Arabian Travel Market diary: Gulf tourism in the ascendancy
Gulf tourism is in holiday mode. Hours before the official opening of the Arabian Travel Market yesterday morning, delegates from around the world were already queuing up to register at Dubai’s teeming convention centre. Business attire competed with national costumes from around the globe.
Within the exhibition halls, the region’s big three airlines of Dubai, Abu Dhabi and Doha flaunted their increasingly luxurious business and first class cabins with other exhibitors taking cheeky turns in the comfy leather recliners before trade visitors were allowed in to sneak a peek.
A seemingly unstoppable wave of hotel building, plane buying and route planning is moving the region’s tourism industry from the periphery of global travel to its core.
The signs of that tipping point have been numerous in recent weeks. The exponential growth of Emirates Airline has helped Dubai overtake Heathrow as the world’s busiest airport by international travel.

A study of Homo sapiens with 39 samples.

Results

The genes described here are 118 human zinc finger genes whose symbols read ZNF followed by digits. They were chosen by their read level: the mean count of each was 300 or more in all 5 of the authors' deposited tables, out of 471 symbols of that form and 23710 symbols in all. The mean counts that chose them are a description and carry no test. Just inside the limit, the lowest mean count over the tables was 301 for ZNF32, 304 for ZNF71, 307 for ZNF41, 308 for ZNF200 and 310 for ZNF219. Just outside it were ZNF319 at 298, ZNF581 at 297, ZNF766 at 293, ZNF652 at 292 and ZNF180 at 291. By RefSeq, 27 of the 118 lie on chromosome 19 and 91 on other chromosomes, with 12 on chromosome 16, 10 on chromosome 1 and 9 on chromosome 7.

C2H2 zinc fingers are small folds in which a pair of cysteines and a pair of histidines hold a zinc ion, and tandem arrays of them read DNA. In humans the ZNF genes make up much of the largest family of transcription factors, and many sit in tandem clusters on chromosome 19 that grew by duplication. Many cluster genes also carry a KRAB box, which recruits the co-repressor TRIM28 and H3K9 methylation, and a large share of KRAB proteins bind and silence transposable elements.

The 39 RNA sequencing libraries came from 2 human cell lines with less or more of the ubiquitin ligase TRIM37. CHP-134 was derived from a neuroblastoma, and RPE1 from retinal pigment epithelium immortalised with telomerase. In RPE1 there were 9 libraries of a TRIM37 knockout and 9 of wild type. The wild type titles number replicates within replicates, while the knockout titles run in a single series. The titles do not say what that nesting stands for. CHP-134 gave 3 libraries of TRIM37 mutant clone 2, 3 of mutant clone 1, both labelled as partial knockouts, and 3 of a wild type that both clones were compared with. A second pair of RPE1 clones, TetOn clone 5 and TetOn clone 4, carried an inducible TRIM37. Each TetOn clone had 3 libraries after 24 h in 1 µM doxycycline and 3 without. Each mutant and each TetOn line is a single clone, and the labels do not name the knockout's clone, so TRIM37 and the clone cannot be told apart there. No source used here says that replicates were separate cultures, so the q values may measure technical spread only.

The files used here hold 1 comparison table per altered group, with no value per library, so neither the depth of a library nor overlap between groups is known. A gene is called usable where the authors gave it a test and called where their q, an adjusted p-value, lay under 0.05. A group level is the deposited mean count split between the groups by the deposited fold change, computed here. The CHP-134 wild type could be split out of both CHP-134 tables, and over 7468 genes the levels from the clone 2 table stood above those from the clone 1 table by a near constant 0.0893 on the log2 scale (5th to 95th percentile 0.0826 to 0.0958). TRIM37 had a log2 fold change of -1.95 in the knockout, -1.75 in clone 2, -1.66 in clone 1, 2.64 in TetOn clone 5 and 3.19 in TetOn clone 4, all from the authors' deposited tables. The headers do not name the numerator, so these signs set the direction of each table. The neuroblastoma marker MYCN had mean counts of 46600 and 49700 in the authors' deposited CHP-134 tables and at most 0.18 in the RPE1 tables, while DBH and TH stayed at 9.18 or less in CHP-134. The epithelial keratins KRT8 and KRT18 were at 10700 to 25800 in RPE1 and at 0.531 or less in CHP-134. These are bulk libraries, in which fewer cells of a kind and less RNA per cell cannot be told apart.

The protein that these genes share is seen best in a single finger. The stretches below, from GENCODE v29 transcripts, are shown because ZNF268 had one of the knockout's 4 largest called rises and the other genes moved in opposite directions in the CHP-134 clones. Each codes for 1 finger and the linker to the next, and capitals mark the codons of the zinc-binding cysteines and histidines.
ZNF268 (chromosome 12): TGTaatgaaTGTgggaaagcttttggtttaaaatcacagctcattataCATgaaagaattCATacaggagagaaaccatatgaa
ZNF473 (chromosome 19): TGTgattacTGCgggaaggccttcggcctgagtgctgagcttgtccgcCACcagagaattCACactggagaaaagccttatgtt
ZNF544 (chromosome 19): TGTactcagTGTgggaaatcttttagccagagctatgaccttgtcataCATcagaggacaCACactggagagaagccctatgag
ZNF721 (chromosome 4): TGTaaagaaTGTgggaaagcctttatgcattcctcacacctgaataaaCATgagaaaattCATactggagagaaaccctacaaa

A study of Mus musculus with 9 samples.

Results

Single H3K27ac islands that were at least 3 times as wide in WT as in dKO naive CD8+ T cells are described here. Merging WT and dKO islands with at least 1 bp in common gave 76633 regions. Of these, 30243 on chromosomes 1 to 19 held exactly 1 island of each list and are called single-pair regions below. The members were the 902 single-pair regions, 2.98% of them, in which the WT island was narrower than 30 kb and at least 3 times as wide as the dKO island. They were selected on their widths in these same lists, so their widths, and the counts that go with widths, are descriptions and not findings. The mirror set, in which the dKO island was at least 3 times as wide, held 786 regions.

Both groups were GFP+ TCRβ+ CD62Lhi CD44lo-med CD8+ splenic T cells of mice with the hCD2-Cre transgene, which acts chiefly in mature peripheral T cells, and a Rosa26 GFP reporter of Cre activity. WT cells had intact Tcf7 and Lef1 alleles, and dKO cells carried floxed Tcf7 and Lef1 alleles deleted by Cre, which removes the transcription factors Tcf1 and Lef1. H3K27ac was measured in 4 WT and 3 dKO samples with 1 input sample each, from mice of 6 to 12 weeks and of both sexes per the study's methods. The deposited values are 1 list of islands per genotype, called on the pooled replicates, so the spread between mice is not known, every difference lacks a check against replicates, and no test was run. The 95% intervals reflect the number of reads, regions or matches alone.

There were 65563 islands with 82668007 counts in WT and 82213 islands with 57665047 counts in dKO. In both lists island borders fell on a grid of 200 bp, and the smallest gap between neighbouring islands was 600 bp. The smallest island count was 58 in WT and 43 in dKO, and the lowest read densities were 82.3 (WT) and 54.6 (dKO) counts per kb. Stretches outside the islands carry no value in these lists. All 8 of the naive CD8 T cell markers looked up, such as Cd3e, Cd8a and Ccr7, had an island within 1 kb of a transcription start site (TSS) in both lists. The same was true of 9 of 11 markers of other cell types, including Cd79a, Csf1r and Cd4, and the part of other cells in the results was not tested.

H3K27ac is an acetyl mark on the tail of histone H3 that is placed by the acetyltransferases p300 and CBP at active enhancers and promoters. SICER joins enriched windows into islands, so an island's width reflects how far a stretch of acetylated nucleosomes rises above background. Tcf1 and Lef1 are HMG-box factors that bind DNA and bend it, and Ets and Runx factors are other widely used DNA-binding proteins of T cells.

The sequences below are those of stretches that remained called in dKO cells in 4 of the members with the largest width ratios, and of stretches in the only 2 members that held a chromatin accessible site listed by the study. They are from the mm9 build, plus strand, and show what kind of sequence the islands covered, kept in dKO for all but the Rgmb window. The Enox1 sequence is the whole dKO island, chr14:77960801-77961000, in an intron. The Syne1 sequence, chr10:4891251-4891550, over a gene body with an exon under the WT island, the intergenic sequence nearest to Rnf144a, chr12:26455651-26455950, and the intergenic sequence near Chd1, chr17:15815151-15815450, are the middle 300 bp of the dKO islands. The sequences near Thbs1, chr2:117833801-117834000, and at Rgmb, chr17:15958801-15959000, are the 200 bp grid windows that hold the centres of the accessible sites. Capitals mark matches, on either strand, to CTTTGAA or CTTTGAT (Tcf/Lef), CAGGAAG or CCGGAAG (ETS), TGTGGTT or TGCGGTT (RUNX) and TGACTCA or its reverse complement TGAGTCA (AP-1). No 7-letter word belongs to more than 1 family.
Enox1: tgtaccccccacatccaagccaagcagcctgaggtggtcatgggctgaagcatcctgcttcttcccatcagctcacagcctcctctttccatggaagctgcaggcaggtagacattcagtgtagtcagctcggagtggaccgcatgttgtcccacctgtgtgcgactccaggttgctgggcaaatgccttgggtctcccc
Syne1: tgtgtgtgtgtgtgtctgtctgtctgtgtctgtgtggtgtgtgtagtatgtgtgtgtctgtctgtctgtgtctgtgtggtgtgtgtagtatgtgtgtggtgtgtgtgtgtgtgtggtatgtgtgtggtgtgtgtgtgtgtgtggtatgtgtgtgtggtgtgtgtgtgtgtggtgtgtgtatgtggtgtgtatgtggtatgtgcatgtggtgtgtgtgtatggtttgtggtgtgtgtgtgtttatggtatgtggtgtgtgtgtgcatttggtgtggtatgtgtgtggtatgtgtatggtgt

Etihad Airways looks poised to enter a new phase of equity alliance building, bringing more global travellers to the capital. Doha too has a brand new US$17 billion airport to stake its own claim.
At the same time the established hubs and carriers of Europe and elsewhere are feeling increasingly squeezed. Lufthansa’s outgoing boss highlighted in March the competitive threat posed by the rise of Gulf carriers. The chief of Ethiopian Airlines put it in even blunter terms, warning the Gulfies could eat African carriers for their lunch. Even Heathrow Airport is feeling a bit put upon – highlighting the growth of Dubai as one of the most compelling reasons to garner support for a third runway.
All of that seems a long way from the party atmosphere of today’s Arabian Travel Market.
It feels like the stars are in alignment over the region’s travel industry this year.
But sooner or later the lobbies threatened by that feeling of success will try to spoil the party.